For this column, Eric will be writing about a movie on Netflix each week and using it as a starting point for various musings on culture, art, and the like. There will always be clips to follow along with the column, so you can sample from the comfort of your own room.
"There Will Be Blood" is a movie defined by emptiness and ritual. By emptiness, I mean silence and slowness. It’s the kind of plodding pace that takes us 15 minutes into the film without a single word. It lets Daniel Day Lewis’ character, Daniel Plainview, drag himself out of a mine shaft after a leg injury and crawl away for a full minute, an eternity in movie time.
The first 15 minutes of Plainview mining, drilling for oil, and rising to oil tycoon are filled with dirt, sludge, and long shots of ax against rock, over, and over, and over again. If one image could encompass the feeling of this film, it would be that of a sludge covered ax cracking against rock.
We’ve all studied Jon Cage’s silent piece 4’33” in Music Hum, but the power of empty space goes beyond mere novelty. When directing theater, a great way to get actors to focus on their movement is by robbing them of the ability to talk. In the same way, Cage’s silence allows us to focus on the sounds of an uncomfortably waiting audience and director Paul Thomas Anderson’s shots let us become immersed in the tense moments, or the unbearably endless ones.
Even in games, the highest-rated shooter series of all time, "Bioshock," won its praise from carefully orchestrated emptiness. “You don’t enter into combat for 10-15 minutes, and that was a real experiment,” creative director Ken Levine told reporters in an interview for "Bioshock Infinite." Coincidentally, the game takes place at the same time as "There Will Be Blood," tackling a similar theme of the revival of religion to combat industrialism at the turn of the 20th century.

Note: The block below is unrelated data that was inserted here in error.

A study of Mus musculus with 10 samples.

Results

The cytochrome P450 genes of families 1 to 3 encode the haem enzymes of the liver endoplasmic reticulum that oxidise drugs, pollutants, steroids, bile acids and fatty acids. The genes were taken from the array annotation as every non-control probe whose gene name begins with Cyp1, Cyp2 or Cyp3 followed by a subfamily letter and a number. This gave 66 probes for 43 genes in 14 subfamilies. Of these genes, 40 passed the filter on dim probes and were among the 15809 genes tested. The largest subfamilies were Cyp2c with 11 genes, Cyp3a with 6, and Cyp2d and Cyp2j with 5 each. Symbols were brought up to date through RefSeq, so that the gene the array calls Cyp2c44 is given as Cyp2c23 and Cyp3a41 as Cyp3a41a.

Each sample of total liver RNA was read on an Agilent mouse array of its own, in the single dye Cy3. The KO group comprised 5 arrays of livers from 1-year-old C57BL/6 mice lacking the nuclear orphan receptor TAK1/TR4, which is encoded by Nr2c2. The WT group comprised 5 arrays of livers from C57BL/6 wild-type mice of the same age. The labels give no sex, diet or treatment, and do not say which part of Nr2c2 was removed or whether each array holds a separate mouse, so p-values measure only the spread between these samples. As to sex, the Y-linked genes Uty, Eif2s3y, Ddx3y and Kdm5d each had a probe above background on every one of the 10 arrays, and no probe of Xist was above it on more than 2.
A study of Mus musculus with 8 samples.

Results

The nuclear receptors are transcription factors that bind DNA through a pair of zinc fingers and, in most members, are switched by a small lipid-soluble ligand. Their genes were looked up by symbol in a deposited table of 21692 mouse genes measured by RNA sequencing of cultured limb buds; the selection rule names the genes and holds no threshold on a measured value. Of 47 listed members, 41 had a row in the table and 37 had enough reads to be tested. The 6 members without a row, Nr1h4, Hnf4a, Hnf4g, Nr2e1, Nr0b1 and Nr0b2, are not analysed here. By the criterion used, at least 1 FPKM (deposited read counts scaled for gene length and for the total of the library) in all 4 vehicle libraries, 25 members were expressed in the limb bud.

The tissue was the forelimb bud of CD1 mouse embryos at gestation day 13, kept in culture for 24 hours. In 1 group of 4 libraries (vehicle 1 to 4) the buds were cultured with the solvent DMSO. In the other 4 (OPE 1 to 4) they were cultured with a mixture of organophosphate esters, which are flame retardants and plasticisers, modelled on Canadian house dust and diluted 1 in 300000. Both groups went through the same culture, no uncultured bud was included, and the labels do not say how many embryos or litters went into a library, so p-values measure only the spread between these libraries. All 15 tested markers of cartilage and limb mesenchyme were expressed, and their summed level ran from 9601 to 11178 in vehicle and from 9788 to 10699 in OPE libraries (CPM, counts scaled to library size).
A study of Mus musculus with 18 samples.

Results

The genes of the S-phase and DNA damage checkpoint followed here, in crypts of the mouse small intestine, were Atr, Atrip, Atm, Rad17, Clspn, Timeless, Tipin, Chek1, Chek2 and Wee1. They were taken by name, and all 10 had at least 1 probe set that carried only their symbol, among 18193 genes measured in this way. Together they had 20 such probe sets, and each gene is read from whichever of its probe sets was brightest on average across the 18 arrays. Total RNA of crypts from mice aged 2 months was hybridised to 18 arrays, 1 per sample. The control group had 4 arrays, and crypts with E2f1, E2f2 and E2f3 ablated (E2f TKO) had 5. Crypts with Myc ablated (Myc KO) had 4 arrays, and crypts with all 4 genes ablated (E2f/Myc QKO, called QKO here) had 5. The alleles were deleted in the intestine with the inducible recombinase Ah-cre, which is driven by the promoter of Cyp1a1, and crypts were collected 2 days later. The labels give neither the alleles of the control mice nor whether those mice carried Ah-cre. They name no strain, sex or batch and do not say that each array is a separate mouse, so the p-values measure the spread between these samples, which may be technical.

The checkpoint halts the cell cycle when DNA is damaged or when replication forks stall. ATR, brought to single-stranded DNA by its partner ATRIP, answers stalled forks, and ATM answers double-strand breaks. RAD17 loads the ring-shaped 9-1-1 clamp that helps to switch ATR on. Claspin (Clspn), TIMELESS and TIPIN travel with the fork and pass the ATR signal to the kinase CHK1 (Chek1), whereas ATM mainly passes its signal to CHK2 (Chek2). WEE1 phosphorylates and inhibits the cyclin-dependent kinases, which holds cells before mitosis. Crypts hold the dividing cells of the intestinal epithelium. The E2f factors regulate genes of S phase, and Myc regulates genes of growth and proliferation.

"There Will Be Blood" is based on "Oil," a novel by Upton Sinclair. "Oil" was written in response to a scandal in which the Harding administration took bribes from oil companies for land, and it looks at the clash between industry and religion in the West. Of course, Daniel Plainview’s rival comes in the form of a wild and obstinate priest, played by "Little Miss Sunshine"’s Paul Dano. At the opening of his town's new well, he is there to make sure Daniel incorporates the church, and sternly admonishes him for letting his men drink and for letting safety standards fall too lax. The tension between the two is always a spark away from catching fire (oil pun intended).
Plainview meets this fever with equally powerful obsession and a lust for power over the land that almost courts the disaster Dano’s character preaches. It is only fair that a character of such manic intensity be played by Daniel Day Lewis, who is known for an obsession with his own ritual. Day Lewis is a method actor in the truest sense. Method means figuring out your character’s goals and motivations, but to Daniel, that means never leaving your character, even offstage. He shares the belief with Thomas Anderson that through repetition, you can ingrain a feeling into your psyche. Maybe that’s why the movie felt so heavy, in every sense of the word. It’s worth watching, but don’t pick it if you want a light break.
Eric Wimer is a CC sophomore triple concentrating in Politics, English, and 'Merican Studies. So, of course, he can be found in the theater, pretending to fight cartoon dogs...Just roll with him.